42% of Americans are Vitamin D deficient, creating an increased risk of impaired immunity, fatigue, depression, and muscle pain.
But not just that—did you know that low Vitamin D is also correlated to weight gain, increased fat storage, hunger cravings and high blood sugar? This is because Vitamin D influences the hormones insulin and leptin. Insulin signals your body when to store fat while leptin tells your body to burn fat.
Two studies, done in 1980 and 2019 found that low Vitamin D levels were connected to insulin and leptin resistance. When Vitamin D levels were low, insulin and leptin hormones would become less sensitive or functional, with weaker signals being sent from the brain telling the body to burn fat and stop fat storage.
The body would have trouble making insulin, and the cells would become unresponsive to the insulin the body was making. As a result, the body would resort to storing glucose as fat—which to many people will look like inexplicable weight gain or weight loss resistance.
Vitamin D and immunity
In addition to weight loss and fat burning, Vitamin D has incredible benefits on immunity. Vitamin D has been studied extensively in relation to COVID-19, finding that Vitamin D has an Immunologic effect on human health and disease, acting as an antiviral agent, reducing mortality and respiratory disease.
Healthy Vitamin D Levels
Vitamin D testing is an easy and highly effective manner of understanding your immune and metabolic health. Have you had your Vitamin D levels checked recently?
- Deficient: Less than 30ng/ml
- Insufficient: between 30-50ng/ml
- Ideal: Greater than 50ng/ml
So what do you do if your Vitamin D levels are deficient or insufficient? There are several ways to increase Vitamin D, as Vitamin D is available through our foods, diet, naturally by the sun, as well as high quality supplements.
4 ways to raise vitamin D levels
- Clean up your diet. If you aren’t eating a clean, healthy, whole food diet, it won’t matter how many Vitamin D supplements you take, absorption into the cells will be limited, as the health of the cell membranes will be compromised by poor diet and toxicity. I recommend reducing bad fats, harmful oils, “fake” foods, carbohydrates and environmental and chemical toxins from your diet. Yes, this means any ingredients on labels that you cannot pronounce or understand. Instead increase good fats and healthy oils. You should be reading your blood sugar levels daily, staying under 100Mg/DL.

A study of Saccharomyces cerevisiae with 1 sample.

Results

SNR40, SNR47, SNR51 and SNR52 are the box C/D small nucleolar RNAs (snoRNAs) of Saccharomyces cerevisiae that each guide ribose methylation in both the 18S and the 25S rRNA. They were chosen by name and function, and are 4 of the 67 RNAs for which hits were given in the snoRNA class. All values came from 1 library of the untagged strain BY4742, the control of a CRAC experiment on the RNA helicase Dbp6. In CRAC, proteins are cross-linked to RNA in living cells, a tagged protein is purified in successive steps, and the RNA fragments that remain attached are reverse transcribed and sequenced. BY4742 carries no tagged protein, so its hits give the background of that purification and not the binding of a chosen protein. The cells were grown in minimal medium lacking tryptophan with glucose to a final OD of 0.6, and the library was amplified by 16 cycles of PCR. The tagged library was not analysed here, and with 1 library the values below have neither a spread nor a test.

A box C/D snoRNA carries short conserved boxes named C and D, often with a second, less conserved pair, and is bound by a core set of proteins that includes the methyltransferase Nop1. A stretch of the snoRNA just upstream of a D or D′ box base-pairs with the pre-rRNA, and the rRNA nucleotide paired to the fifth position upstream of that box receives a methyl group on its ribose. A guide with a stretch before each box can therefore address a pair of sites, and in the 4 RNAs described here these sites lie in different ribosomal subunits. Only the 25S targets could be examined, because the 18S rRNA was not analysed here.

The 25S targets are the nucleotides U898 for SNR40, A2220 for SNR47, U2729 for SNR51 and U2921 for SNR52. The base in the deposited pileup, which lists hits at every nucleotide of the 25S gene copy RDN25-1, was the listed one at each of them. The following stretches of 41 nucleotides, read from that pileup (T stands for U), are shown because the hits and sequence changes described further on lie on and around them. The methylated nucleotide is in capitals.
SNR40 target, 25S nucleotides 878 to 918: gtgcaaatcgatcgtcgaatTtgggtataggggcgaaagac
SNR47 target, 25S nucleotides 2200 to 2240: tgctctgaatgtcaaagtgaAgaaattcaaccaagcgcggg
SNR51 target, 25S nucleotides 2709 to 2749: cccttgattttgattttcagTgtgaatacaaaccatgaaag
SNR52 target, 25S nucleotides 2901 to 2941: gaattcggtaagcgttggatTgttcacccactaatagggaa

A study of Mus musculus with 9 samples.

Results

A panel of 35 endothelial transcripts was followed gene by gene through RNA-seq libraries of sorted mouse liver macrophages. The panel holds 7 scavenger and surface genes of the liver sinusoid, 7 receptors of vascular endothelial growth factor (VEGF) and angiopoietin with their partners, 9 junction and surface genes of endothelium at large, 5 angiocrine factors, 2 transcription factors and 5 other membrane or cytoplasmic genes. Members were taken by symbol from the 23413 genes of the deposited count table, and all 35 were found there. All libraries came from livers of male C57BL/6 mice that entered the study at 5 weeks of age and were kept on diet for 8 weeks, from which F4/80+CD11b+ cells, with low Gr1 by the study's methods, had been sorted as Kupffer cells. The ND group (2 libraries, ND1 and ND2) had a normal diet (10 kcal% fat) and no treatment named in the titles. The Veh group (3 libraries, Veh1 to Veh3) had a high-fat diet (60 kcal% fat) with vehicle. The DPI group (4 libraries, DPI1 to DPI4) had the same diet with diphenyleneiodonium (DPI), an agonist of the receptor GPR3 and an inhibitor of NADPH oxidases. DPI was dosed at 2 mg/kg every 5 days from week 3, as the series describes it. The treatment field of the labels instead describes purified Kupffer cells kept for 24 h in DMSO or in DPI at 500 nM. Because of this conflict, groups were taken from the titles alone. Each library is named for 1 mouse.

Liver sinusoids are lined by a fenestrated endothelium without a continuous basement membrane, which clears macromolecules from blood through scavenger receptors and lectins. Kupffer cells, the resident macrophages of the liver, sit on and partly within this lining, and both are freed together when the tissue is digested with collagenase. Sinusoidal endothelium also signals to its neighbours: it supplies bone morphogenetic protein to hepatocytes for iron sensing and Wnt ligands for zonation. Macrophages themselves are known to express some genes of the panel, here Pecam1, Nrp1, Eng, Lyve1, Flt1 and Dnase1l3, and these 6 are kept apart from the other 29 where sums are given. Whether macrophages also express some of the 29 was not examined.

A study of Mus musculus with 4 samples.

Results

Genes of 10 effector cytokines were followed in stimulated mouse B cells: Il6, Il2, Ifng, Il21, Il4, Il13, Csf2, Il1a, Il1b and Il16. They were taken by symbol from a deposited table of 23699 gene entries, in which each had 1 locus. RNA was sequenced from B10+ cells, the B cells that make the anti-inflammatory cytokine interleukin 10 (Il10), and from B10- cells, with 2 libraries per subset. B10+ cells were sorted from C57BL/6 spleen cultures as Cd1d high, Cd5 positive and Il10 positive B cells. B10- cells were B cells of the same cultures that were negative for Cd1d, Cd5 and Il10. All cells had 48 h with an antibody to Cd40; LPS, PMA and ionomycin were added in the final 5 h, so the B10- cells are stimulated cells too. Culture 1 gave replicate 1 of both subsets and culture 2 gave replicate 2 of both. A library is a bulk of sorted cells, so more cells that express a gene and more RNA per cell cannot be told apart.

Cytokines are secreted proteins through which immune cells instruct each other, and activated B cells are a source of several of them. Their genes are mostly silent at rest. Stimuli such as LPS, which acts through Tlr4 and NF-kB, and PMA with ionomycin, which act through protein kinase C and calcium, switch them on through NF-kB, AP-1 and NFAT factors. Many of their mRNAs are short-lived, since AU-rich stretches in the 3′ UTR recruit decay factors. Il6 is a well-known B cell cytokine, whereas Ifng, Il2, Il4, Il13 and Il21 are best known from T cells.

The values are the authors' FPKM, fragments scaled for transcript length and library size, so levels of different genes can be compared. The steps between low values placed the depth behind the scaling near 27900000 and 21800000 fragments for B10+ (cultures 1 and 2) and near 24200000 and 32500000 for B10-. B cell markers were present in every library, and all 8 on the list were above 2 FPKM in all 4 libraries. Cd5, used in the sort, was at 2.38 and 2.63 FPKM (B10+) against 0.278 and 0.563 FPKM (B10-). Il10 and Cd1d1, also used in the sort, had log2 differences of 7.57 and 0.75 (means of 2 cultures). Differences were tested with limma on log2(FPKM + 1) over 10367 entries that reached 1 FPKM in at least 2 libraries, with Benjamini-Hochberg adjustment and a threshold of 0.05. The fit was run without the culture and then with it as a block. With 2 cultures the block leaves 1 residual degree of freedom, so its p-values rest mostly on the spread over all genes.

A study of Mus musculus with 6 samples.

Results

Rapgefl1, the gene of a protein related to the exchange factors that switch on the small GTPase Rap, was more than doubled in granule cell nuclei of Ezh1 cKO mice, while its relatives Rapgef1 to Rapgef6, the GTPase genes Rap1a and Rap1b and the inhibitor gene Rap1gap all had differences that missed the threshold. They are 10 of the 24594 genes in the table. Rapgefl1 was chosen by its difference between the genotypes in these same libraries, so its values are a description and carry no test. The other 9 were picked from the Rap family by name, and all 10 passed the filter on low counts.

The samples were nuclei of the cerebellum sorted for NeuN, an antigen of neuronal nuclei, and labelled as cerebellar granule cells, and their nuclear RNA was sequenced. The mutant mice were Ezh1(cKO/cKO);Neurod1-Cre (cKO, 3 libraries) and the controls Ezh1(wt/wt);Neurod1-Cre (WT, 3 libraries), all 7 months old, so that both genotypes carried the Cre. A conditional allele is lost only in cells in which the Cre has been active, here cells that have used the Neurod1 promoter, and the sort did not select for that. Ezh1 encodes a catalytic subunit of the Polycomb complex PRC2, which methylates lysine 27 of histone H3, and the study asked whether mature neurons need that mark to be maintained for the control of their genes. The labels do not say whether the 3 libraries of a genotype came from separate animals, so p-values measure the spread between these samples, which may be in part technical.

- Get out in the sun. Ideally you’ll want to do this for approximately 30 minutes a day, during mid-day with sunlight directly on your skin, without sunscreen. Also note that darker skin tones and people who live in areas of high air pollution will have a harder time absorbing Vitamin D. Also, depending on where you live, it may be harder to get Vitamin D naturally during the winter months, making supplementation crucial.
- Eat Vitamin D rich foods. Foods like grass fed beefs, oily fish like wild salmon, sardines and mackerel. Also liver is a great Vitamin D rich food, I love the Heart & Soil Liver Supplement for this.
- Supplement with Vitamin D. I’ve included some tips on how to get the most out of your Vitamin D supplement.
First, you’ll want to find a Vitamin D supplement that is combined with Vitamin K & Vitamin C, as this provides for better absorption. The supplement I recommend is DV3 from Systemic Formulas, which has a combination of all of these vitamins and more.
Second, studies have also shown that it may be better to take Vitamin D with your largest meal of the day, especially a fat-based meal. According to one study in 17 people, taking vitamin D with the largest meal of the day increased vitamin D blood levels by about 50% after just 2–3 months. In another study in 50 older adults, consuming vitamin D alongside a fat-heavy meal increased vitamin D blood levels by 32% after 12 hours compared to a fat-free meal
Third, the health of your gut microbiome will affect how well you absorb supplements, so it’s always good to use a microbiome support like Ion Biome or probiotic MBC. Fermented and probiotic foods are also helpful, such as sauerkraut and kimchi.